How to Obliterate Buyer Procrastination

Buyers procrastinate. They are programmed to do so. Many sales professionals will try and overcome this with urgency by giving the prospect three reasons why they must buy now. This tactic will not work until you understand why prospects procrastinate and then you can deal with it effectively and make a sale.

Many things we do as humans we inherit—our genetics. One of the genes we inherit is the “caveman gene.” As cavemen, we learned to stay in the cave as much as possible because if we ventured out of the cave, the danger was great, as we could get eaten by lions or tigers or bears (oh my).

So we developed a strategy for survival. We stayed in the cave until it was absolutely essential, a matter of survival, to leave the cave. We left the cave only to make a kill for food. Our simple strategy became, “If I am comfortable or in minor discomfort, I will stay in the cave where I am safe. I will venture out of the cave only if I am about to die of starvation.” The modern mans’ version of this strategy is, “I will maintain the status quo as long as I am not too uncomfortable. I will change the status quo only if I am very uncomfortable.”

So you make a presentation to your buyer. He is genetically programmed by the caveman gene not to buy, to procrastinate, because to buy would be a change in his status quo. He is fearful on buying (i.e. leaving the cave) because such an action is dangerous while the status quo is not too uncomfortable. So you try and turn up the heat as your prospect procrastinates, making him even more uncomfortable. This insures he won’t buy.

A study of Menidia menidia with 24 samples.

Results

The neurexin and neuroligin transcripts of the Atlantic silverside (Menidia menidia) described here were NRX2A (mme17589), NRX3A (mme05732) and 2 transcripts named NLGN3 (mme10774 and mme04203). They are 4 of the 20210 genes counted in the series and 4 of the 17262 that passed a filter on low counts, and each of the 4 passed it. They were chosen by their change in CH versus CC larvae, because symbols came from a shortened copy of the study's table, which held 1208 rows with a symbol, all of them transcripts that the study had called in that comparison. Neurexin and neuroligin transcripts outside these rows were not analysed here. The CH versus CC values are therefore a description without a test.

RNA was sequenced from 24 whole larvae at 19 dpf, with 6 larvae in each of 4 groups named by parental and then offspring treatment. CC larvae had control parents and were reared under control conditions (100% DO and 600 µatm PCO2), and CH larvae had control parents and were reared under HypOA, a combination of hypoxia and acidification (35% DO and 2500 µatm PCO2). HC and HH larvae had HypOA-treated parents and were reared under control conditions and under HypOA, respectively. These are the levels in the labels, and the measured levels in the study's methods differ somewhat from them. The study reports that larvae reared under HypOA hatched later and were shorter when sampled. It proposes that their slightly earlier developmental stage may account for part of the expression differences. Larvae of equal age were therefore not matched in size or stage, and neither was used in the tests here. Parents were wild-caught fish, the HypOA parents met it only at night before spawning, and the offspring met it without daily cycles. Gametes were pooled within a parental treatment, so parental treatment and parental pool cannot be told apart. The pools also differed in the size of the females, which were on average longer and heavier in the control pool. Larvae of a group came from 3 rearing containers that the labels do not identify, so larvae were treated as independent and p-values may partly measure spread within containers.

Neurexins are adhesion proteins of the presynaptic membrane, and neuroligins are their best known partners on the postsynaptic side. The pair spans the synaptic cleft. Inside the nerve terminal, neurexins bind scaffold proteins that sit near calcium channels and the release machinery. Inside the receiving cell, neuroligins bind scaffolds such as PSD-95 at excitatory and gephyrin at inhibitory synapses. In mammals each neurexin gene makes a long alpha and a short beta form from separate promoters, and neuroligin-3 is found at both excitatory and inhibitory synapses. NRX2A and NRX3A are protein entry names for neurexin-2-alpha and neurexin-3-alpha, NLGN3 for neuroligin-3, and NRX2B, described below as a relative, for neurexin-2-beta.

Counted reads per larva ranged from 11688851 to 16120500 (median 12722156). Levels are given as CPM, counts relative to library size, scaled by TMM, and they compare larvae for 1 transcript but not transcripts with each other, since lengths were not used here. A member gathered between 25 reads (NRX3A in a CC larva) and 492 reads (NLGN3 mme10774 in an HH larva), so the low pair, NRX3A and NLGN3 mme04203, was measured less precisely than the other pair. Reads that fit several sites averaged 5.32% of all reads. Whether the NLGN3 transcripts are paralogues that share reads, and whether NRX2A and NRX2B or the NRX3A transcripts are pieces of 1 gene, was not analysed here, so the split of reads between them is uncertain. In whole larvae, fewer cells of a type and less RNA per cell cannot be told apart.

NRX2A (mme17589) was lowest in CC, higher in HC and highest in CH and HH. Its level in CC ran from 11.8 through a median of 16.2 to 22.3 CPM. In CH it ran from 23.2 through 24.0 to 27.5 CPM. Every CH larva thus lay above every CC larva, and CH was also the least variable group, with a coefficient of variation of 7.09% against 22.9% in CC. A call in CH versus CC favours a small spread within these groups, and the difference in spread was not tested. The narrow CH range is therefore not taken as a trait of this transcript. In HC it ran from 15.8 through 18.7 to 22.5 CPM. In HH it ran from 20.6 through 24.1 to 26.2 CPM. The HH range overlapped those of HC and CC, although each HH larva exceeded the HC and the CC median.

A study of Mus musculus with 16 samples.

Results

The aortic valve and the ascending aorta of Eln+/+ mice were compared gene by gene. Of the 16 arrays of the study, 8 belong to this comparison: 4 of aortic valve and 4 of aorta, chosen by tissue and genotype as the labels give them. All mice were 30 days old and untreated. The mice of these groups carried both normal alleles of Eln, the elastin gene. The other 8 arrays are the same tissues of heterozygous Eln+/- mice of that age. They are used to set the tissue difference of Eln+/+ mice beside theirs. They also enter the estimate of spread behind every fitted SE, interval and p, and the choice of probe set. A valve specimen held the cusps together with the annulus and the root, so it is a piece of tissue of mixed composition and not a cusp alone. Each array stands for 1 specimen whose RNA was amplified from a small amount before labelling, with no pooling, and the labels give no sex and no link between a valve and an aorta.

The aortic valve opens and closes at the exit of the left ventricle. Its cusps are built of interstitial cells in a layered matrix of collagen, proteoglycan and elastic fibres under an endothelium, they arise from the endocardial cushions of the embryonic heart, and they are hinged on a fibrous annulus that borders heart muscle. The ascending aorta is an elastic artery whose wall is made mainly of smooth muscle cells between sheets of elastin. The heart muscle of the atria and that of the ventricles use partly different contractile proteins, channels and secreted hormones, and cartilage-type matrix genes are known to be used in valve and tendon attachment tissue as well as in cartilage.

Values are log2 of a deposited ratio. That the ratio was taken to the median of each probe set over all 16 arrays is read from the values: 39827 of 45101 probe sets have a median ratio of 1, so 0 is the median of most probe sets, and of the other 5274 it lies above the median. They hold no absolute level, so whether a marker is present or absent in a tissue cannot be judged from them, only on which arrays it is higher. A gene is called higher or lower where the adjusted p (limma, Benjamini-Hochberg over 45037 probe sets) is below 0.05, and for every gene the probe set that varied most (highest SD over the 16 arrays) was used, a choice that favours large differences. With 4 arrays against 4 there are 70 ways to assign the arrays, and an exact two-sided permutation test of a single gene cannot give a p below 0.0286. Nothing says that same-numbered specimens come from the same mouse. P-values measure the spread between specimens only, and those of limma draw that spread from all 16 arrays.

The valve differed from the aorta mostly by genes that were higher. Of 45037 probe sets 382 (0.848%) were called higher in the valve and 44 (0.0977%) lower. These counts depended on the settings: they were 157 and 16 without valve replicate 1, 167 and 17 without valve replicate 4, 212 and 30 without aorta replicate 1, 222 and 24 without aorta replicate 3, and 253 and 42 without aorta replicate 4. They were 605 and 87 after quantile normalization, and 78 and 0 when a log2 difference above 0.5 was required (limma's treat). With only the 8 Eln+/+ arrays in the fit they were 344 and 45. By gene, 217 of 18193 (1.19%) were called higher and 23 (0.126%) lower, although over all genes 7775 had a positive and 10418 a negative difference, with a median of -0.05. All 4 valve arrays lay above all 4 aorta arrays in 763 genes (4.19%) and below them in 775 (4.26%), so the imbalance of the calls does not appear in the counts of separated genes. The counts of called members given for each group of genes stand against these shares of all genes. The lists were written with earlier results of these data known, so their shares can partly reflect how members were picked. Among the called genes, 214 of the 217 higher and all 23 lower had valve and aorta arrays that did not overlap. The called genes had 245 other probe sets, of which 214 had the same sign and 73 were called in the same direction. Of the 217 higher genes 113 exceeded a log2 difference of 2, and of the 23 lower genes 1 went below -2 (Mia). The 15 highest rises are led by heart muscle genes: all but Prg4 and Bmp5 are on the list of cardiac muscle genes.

Just the opposite tactic is what you want to employ. Your buyer procrastinates out of fear of making a mistake (getting killed in caveman days). In order to get him to leave the cave (buy), you want to show your prospect how safe it is to proceed. You want to calm your prospect and give him assurance, through evidence, testimonials or emotional appeal. The last thing you want to do is make your prospect more anxious and increase his emotional stress.

So the conversation may sound like this (S=seller, P=prospect):

S: Bob, it sounds like you have some uncertainly. I don’t want you to do anything that does not feel right. What is your concern?
P: The state of the markets are really treacherous with inflation, the credit crunch, the sup-prime crisis. I am just very nervous about buying in such an uncertain period.
S: That makes sense to me that the current environment makes you nervous. How do you think investors felt during the depression or in the middle of World War II or when we had the lines at the gas pumps in 1974?
P: I’ll bet they were freaked.
S: And in each case, the people that did invest when the markets were down because of this worry, how did they do with their investments when they looked back 10 years later?
P: I think they probably did pretty well. I know that the markets did really well the 10 years following World War II.
S: So what lesson can you glean about investing and the best time to invest?
P: I guess its best to invest when the markets are down. I’m just so nervous about doing so.
S: Understandably. But do you think that people who make money with their investments make money by using their head or allowing their emotions to hijack their actions?
P: I should likely use my head.
S: So what should we do next?

As we see from the above dialog, the seller allows the prospect to gain some calm by gaining some perspective on his decision. Additionally, as explained in a previous post, the seller does not tell the prospect anything. The seller asks questions and allows the prospect to see the right course of action.

Our procrastinator is now sufficiently calm to proceed.